Lawsuit: Waze Owes 'Open-source' Programmers $150 Million

Israeli accountant files lawsuit claiming that Waze stole the intellectual property of a programming community that helped build its software.

Shelly Appelberg
Shelly Appelberg
Shelly Appelberg
Shelly Appelberg

Waze, an Israeli navigation startup bought by Google in 2013, was hit on Thursday with a $150 million lawsuit.

The lawsuit, filed in the Tel Aviv District Court against Waze, its founders Ehud Shabtai, Amir Shinar, Gili Shinar and Uri Levine, and a Google subsidiary in Israel, claims that Waze is based partly on the work of a programming community, which is entitled to half of the company's intellectual property at the time of its sale. It also claims that Waze broke a commitment to leave its program, maps and information open to the public.

The claimant in the lawsuit is Roy Gorodish, an Israeli accountant who participated in Freemap Israel, an "open-source" project to map the country using free software called Roadmap 1. Gorodish, represented by attorney Yitzhak Aviram, says in the lawsuit that Waze's maps were built by daily updates by the community, not solely by Waze programmers. He asks that the court recognize the lawsuit as a class action on behalf of the community.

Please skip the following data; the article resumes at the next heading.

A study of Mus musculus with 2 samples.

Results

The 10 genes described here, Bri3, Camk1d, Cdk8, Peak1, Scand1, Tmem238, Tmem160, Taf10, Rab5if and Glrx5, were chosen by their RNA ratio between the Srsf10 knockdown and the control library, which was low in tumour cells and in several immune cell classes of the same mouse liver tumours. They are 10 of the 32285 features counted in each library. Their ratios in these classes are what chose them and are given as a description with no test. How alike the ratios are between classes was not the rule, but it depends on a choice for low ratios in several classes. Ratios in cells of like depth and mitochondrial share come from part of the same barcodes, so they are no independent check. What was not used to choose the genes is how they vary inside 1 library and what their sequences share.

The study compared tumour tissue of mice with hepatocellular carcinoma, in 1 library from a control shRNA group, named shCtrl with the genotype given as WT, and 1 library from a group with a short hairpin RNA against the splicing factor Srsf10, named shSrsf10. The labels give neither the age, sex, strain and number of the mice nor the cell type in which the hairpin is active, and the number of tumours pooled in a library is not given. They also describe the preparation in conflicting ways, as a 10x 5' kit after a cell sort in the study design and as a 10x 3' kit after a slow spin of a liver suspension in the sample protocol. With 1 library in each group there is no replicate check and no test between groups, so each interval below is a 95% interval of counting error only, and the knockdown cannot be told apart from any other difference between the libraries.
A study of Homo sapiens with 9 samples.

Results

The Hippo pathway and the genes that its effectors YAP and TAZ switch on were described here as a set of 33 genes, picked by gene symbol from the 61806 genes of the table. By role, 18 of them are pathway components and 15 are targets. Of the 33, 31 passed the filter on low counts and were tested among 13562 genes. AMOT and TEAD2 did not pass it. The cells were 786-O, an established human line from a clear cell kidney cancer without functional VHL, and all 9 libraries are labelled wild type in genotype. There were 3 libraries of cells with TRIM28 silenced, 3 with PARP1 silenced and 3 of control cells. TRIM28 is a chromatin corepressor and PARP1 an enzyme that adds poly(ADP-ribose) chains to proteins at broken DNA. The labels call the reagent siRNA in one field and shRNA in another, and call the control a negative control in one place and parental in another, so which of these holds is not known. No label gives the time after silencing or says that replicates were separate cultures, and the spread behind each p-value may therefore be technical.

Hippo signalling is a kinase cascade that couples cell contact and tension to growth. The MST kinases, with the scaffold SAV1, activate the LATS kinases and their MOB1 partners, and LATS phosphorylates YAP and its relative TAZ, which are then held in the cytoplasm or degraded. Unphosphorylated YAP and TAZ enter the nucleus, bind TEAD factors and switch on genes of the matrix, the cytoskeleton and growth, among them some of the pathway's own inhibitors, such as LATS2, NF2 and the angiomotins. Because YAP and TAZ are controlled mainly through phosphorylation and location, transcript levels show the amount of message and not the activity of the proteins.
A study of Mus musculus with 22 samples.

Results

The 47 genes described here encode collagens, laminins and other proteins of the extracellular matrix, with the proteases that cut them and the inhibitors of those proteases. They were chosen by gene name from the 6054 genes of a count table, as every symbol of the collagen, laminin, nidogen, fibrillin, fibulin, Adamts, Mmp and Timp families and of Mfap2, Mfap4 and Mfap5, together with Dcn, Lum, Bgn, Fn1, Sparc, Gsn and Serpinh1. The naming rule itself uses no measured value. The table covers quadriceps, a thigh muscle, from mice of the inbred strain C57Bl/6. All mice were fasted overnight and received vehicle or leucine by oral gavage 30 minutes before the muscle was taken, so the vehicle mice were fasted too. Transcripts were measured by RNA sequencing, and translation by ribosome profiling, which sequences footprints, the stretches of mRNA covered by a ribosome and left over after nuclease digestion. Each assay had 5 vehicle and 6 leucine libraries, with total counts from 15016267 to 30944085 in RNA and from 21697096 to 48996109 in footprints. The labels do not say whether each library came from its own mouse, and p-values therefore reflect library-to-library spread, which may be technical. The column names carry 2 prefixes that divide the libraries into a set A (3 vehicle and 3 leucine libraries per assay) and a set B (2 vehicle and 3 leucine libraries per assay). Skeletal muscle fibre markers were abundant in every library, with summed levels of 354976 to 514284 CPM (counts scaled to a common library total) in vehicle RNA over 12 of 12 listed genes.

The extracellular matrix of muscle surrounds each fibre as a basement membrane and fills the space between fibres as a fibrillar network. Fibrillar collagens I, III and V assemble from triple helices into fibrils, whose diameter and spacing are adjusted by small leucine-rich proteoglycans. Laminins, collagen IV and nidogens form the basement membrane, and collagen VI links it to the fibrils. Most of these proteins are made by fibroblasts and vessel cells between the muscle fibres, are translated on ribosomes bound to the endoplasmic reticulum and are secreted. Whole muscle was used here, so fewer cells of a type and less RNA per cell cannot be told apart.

Although Shabtai, Waze's chief technology officer, started Freemap and designed most of the software, Gorodish says, other users also contributed significantly over the course of a year. The defendants then took control of the project, adapted it into Waze and sold out to Google for more than $1 billion, without telling the Internet giant that its program and maps belong to the community, he says. Gorodish estimates that Waze's intellectual property was worth $128 million at the time of the sale, of which he says the community is entitled to $64 million.

Gorodish says that when Freemap started, Shabtai, Shinar and Levine gave community members a document saying that the project was owned by the community. Later, when Waze was founded, the three men unilaterally changed the terms of the agreement in what amounts to intellectual property theft and copyright infringement, he says.

In addition to the $150 million, Gorodish is seeking to make all the maps owned by the defendants, as well as other data they collected from users of both Waze and Freemap, publicly available. He is also asking a court expert to examine the source code of Google Maps, which has started using data from Waze, to see if there are elements of the open-source code there, which would make Google Maps affected by a future court ruling.

Waze has said it has yet to see the lawsuit.